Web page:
In midst of Ferguson violence, Islam teaches racial lessons


In this May 21, 1964 file photo, Malcolm X speaks during a news conference at the Hotel Theresa in Harlem, New York.

Photo Credit: The Associated Press

Editor’s Note: “Peace be upon him” (abbreviated “pbuh”) is a salutation for the prophets of Islam. Who receives salutations depends on the school of thought. It is a mandatory practice per the Quran and hadiths.

Malcolm X once said, “America needs to understand Islam, because this is the one religion that erases from its society the race problem.” In the context of the aforementioned quote, Malcolm X addresses the point that western imperialism and the colonization of foreign lands led to the subjugation of its native peoples, which, among other things, led to the deprivation of identity and heritage. Institutional racism was at the heart of the grievances of civil rights activists. Considering our foreign policy, immigration policy and the legal system, these grievances are still dangerously relevant. Nothing better demonstrates this than the tragedy that is unfolding surrounding Ferguson. As a Muslim UT student, I’m reminded of the bleach bombings in West Campus, and that Islamic wisdom would prevent such racism, regardless of religiosity. Islam addresses all the different roots of racism, from the social to the economic causes. To briefly explore how Islam rejects racism, I will address four types of racism. 

Pre-reflective gut racism is racism that describes the progression of feelings of wonder to fear to aggression, to things which are alien to us. This is where emotions rule over the intellect, and a difference in appearance evokes fear. The Quran tells us that God made us into different peoples and tribes so that we might know each other. The Quran goes beyond accepting diversity by celebrating it. By commanding us to know each other, ignorance is removed, making pre-reflective gut racism impossible because fear is supplanted with curiosity and community.

Post-reflective gut racism is racism that describes the rationalized belief in a race’s superiority over another, like Zionism. The previous Quranic reference also notes that all humanity shares a common origin, and it’s only those who are God-conscious who are honored in the eyes of God. Humanity’s common origin undermines any claim of a race’s superiority. In addition, it’s the metric of “God-consciousness,” not one’s race, that determines self-value. This is exemplified in one of the narrations of the Prophet Muhammad (pbuh), which states: “…all of you are from (Prophet) Adam and Adam was (created) from mud… best servant of Allah is that servant who has consciousness of Him.”

Cultural racism is racism that describes the belief in the superiority of one’s culture. This is wholly rejected by Islam in many accounts since cultural racism in the form of tribalism was one of the major signs of ignorance that was abolished by the Prophet Muhammad (pbuh). To address tribal and nationalistic racism, the Prophet Muhammad is said to have stated, “… all of mankind — from the time of Adam until our time — are like the teeth of a comb (all equal to one another) and there is no greatness for an Arab over a non-Arab and no greatness for a red-skinned person over a black-skinned person, except due to one’s consciousness of Allah.”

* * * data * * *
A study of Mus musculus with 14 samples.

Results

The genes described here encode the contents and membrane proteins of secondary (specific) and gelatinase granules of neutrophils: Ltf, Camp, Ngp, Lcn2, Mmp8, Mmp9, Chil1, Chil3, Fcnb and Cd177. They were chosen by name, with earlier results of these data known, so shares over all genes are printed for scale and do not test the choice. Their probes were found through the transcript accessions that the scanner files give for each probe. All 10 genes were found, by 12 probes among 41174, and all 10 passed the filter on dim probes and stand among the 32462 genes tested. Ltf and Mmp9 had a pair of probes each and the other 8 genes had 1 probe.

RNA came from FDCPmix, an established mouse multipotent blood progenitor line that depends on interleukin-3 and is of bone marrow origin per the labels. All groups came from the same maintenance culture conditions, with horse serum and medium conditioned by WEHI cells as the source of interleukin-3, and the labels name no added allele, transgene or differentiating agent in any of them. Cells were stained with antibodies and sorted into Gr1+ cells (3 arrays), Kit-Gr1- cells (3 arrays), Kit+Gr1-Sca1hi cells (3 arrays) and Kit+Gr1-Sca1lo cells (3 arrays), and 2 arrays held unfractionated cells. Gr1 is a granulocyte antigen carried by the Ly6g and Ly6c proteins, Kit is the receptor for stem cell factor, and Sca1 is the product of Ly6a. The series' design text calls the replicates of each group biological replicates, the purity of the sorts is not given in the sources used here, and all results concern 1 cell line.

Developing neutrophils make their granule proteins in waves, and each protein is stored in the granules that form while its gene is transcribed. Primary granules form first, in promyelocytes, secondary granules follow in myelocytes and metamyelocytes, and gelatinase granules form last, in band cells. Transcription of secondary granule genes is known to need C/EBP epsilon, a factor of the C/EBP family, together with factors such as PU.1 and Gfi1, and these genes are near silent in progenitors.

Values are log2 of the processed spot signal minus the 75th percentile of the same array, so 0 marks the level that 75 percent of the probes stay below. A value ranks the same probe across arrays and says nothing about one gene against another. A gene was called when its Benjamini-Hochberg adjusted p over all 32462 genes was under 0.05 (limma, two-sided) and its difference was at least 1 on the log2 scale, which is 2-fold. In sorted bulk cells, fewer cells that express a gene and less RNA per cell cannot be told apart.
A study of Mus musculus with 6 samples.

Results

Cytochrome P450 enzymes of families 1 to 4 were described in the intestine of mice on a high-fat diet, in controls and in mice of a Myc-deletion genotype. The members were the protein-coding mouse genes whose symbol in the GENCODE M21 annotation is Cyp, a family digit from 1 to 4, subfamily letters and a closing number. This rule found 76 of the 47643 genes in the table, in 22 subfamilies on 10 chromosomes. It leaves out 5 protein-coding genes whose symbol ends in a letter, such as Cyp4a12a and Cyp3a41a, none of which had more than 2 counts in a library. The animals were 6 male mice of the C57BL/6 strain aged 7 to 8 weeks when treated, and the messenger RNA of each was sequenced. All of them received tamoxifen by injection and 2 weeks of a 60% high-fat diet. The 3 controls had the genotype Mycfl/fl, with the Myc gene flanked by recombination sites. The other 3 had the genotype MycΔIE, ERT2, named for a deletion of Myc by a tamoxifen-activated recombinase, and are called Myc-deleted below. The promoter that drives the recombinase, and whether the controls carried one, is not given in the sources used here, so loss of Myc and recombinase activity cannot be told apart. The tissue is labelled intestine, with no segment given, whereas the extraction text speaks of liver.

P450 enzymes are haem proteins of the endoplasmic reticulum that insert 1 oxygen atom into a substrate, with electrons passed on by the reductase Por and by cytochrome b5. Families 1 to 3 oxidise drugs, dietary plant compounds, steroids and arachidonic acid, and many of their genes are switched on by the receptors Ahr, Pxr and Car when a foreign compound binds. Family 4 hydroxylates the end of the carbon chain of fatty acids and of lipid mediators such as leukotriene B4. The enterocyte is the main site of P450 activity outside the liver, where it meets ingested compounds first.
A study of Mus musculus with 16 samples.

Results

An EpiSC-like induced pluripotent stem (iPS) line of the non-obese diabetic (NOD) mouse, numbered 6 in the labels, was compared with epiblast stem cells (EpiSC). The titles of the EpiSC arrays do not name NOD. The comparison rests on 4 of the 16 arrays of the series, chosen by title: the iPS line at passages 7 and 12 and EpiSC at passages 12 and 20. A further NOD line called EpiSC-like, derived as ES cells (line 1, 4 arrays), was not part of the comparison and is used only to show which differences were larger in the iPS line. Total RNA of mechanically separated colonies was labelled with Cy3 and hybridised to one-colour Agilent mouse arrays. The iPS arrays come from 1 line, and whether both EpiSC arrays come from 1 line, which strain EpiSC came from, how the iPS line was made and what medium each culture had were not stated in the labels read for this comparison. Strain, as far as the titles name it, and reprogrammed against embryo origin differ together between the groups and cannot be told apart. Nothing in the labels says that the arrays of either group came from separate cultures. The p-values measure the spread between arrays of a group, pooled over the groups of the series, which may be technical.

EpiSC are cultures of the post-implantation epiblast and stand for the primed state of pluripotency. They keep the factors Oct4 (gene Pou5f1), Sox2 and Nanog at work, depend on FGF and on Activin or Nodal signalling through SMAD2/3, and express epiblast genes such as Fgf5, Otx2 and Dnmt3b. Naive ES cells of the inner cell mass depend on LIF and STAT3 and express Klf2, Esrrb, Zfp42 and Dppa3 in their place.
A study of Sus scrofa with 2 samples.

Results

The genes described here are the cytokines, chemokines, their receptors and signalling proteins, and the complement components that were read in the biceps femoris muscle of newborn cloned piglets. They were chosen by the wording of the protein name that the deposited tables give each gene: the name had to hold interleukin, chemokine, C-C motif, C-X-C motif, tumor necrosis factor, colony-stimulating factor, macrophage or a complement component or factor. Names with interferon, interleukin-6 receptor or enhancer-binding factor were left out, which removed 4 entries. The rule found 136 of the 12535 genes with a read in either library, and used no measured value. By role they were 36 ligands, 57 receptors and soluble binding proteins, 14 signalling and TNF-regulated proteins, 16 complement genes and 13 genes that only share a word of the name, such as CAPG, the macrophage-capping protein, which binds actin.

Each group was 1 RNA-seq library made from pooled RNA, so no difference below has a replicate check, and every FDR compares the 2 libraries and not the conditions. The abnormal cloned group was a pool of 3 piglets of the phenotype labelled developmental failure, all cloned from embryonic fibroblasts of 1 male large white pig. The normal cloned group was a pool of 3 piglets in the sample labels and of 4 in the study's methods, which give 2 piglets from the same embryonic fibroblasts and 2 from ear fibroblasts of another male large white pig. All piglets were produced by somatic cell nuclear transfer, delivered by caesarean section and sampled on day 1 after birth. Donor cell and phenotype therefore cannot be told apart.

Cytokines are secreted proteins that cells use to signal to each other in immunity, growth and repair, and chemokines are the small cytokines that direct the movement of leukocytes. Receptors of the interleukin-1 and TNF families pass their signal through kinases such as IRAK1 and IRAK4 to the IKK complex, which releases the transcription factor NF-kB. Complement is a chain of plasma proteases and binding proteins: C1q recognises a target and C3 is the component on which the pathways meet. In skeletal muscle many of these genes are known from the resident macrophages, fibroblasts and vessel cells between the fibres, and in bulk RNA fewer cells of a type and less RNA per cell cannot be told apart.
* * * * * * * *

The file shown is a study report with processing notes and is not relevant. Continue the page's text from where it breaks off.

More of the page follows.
The rejection of racism goes beyond scripture and narrations. When Muslims were being prosecuted, the Prophet Muhammad (pbuh) sent his followers to take refuge with a black Christian priest. This same priest, who later converted to Islam, performed the marriage rites between the Prophet Muhammad (pbuh) and his wife, Umm Habiba. 

Institutional racism is racism that describes institutional differential treatment based on race. This form of racism manifests itself in different ways, such as discriminatory policies, immigration laws and legal systems. Considering the points made thus far, institutional racism cannot stand, but to be thorough, consider the Islamic rituals which institutionalize community, thus rejecting institutional racism. The primary examples of such rituals are prayer and Hajj. Prayer, especially congregation prayer, is a ritual wherein five times a day Muslims submit to God, evoking humility and God-consciousness. Hajj, the once-in-a-lifetime pilgrimage to Mecca, is a ritual where unity is constantly reinforced to participants in a myriad of ways, like shaving one’s head and donning a white cloth, a symbol of unity and submission to God’s will. 

Malcolm X notes that poverty is racism. Without economic freedom, a people will be disadvantaged, deprived and oppressed. That is why Islam, in rejecting racism and its causes, mandates that the economics of a society must protect the values of Islam, sharing wealth and opportunity. The Prophet Muhammad (pbuh) gave, against protests of the racist Arab elites, Bilal, who was a black ex-slave, the important religious post of Muaddhin, or the one who made the call to prayer. The Prophet Muhammad explained his action as a denunciation of racism and the promotion of character.

Remember, racism has many faces with many causes. Racism in Ferguson or in Austin cannot be resolved simply by equality in the eyes of the law; we must recognize first what racism truly is, all four of its types. More than equality, we need justice in the execution of law, in society, and economics. Islam taught me this. 

Rizvi is a government senior from Chicago.